As a British citizen, I recently applied for an ESTA visa waiver in order for me to travel to and present at an academic conference in the United States. To my surprise, they have added additional criteria based on travel to certain countries in the Middle East since 2011 (this change was apparently made in December 2015). I stated on my application that I had worked as a lecturer at a specific institution in the Kurdish region of Iraq for a three month period. I expected my application to be denied fairly quickly (although I hoped that it wouldn't) but having checked it several times, there has been no change to the "Authorization Pending" status when I check my application on the website. The top of the page (when I check my status) says:
Your travel authorization is under review because an immediate determination could not be made. This response does not indicate negative findings. A determination will be available within 72 hours.
It has now been 18 days since I applied - I understand that they may want to check my details more thoroughly and am more than happy for them to - but through various searches on google, I have been unable to find anyone else who had waited so long for a response!
Is it possible for the applications to get stuck in the system? Or is it far more that they're spending this time trying to determine whether I am a security threat? I've heard of people putting in a second application when the first takes a long time - would this be advisable?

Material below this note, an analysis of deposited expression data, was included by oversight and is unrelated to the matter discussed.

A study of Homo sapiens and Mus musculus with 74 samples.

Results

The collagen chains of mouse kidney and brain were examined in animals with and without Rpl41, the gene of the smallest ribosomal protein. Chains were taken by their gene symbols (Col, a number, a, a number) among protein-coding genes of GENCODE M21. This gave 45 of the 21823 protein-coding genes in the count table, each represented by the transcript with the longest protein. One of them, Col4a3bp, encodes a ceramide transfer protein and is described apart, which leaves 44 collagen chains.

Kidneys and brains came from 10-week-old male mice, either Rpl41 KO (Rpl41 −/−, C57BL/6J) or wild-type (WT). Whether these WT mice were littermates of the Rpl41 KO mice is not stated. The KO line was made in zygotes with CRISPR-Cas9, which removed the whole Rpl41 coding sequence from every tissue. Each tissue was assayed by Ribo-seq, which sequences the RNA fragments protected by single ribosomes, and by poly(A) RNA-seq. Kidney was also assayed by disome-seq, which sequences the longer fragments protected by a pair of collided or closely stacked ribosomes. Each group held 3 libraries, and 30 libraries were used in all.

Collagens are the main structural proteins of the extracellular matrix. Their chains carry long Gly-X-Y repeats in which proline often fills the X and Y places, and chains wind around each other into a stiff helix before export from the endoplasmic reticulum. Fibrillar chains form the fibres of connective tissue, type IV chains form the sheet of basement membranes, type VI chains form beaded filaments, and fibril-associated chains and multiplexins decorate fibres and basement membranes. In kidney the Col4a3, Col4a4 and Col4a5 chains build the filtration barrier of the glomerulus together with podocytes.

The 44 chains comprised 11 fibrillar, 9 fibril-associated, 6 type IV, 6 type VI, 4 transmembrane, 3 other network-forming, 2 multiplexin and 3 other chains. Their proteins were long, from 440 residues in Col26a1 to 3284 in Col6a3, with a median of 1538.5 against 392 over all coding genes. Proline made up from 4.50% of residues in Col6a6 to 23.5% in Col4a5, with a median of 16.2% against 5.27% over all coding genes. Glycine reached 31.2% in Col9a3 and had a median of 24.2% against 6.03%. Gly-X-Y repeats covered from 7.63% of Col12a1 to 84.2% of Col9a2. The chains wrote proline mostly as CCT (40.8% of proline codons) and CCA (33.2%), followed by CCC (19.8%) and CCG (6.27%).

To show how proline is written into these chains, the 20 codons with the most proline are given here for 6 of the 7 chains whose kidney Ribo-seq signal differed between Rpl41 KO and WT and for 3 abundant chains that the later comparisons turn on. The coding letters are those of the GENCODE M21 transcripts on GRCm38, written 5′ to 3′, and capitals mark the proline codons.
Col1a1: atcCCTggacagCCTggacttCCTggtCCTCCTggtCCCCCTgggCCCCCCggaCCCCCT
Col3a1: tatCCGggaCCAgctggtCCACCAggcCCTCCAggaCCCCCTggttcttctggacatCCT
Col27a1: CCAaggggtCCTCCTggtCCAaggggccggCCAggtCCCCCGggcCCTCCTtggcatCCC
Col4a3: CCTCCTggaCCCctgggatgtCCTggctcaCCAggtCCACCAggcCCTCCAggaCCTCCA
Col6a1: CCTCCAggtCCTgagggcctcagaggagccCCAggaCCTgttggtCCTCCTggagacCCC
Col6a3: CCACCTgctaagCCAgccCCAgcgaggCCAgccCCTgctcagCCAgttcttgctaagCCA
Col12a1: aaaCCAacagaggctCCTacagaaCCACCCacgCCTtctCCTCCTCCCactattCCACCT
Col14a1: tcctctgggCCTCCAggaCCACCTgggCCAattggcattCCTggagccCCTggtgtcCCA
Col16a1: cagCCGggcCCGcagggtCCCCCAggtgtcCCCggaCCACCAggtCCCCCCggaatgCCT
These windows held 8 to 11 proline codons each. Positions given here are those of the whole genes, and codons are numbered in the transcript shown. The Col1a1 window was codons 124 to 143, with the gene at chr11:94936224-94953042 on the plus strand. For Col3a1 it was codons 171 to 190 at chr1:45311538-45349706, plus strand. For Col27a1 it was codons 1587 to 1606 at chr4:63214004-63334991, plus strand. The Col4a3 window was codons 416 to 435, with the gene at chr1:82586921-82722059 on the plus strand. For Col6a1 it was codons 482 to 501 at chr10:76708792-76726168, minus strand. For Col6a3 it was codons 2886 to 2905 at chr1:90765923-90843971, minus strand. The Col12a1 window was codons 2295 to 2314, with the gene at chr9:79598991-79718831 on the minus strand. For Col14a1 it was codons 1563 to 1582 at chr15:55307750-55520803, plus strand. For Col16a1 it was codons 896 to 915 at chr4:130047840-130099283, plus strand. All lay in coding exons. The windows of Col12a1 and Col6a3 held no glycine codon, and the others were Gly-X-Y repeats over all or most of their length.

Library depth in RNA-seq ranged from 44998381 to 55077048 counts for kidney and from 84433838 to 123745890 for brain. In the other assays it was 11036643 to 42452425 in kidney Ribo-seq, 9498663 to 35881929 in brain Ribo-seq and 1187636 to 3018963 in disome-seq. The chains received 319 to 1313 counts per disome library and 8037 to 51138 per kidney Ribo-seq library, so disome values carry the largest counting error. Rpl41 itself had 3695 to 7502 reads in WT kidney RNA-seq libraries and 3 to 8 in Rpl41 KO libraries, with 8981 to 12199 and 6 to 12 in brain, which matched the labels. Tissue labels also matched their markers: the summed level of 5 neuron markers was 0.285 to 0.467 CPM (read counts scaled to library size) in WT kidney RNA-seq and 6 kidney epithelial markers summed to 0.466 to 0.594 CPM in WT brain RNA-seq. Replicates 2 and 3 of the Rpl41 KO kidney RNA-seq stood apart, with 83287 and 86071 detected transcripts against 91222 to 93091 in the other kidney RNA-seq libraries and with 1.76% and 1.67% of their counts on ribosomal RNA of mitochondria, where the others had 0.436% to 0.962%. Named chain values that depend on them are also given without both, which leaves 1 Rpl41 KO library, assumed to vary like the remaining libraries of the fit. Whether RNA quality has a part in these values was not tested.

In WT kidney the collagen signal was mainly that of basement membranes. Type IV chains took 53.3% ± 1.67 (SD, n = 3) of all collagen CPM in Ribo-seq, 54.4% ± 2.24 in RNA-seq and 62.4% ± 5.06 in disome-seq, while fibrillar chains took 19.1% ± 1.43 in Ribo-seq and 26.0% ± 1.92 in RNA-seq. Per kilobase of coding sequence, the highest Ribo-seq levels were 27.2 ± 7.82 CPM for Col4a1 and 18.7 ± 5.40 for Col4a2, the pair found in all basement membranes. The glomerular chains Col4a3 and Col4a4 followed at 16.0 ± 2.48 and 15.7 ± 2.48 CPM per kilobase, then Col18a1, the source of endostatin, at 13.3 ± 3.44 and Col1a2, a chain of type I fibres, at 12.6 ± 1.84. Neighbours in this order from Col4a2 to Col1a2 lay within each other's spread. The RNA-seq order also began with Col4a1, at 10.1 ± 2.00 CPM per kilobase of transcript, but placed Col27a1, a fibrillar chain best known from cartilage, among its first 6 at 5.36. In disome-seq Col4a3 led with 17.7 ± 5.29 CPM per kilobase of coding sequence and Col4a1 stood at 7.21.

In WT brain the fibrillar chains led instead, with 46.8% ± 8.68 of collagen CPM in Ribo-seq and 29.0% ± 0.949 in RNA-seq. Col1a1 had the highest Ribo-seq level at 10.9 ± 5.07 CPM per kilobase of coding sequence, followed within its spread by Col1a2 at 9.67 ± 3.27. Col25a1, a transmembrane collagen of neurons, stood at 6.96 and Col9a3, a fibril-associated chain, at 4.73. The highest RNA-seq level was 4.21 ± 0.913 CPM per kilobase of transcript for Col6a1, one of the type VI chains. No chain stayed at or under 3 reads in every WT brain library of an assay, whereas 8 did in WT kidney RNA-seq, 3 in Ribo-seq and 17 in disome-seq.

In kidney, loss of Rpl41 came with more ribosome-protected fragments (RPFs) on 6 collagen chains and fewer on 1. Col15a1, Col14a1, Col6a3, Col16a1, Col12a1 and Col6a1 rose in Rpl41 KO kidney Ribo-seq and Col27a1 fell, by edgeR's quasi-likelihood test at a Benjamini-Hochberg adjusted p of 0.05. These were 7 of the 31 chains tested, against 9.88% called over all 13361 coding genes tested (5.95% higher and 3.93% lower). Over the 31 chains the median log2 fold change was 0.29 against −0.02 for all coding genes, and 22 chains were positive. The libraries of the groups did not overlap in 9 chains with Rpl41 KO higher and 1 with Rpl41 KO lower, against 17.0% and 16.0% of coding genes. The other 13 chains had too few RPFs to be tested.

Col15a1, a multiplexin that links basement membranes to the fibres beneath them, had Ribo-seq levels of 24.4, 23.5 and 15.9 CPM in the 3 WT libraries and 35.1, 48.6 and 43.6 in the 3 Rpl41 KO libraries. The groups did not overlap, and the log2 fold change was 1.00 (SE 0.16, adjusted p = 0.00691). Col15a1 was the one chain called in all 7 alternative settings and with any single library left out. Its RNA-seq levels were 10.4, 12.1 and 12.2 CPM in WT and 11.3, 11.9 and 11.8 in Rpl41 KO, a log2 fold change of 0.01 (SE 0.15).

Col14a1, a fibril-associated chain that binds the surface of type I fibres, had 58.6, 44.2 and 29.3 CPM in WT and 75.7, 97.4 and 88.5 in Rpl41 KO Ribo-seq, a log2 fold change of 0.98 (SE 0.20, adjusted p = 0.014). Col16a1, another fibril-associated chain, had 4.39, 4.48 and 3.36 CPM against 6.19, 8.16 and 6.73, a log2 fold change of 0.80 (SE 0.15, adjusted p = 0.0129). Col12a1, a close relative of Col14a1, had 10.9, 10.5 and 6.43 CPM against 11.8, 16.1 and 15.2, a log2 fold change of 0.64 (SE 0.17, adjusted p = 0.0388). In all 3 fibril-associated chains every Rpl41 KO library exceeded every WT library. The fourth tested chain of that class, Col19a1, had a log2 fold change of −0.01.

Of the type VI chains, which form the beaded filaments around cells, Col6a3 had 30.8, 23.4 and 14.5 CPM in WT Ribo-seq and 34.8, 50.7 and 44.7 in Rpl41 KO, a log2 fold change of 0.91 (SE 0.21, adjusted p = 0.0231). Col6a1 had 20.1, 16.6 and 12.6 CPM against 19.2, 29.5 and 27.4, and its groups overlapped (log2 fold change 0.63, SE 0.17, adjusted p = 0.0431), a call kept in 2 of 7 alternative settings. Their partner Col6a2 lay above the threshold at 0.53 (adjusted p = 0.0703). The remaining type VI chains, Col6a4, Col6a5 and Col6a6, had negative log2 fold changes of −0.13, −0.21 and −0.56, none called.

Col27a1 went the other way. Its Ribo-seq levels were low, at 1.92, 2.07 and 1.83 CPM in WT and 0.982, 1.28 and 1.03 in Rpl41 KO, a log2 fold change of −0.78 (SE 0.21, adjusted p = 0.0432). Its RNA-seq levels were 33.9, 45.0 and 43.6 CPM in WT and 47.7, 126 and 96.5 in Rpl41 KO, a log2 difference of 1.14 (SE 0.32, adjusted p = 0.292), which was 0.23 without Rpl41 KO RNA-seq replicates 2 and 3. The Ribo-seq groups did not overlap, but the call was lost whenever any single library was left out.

Thanks for your time!
EDIT - Adding this from an answer posted by the OP
My status has officially changed today (20 days after application) and I have been declined the Visa Waiver.
Since the conference is in a month's time, I can still apply for a B-1 Visa but probably won't. Looking at the visa application website, it may be the case that I'll be asked to report my travel history over the past five years and although it's relatively uninteresting, I really do not have the time to put together all the documentation they might ask for, nor can I really be bothered to go through the rigmarole of an interview in London.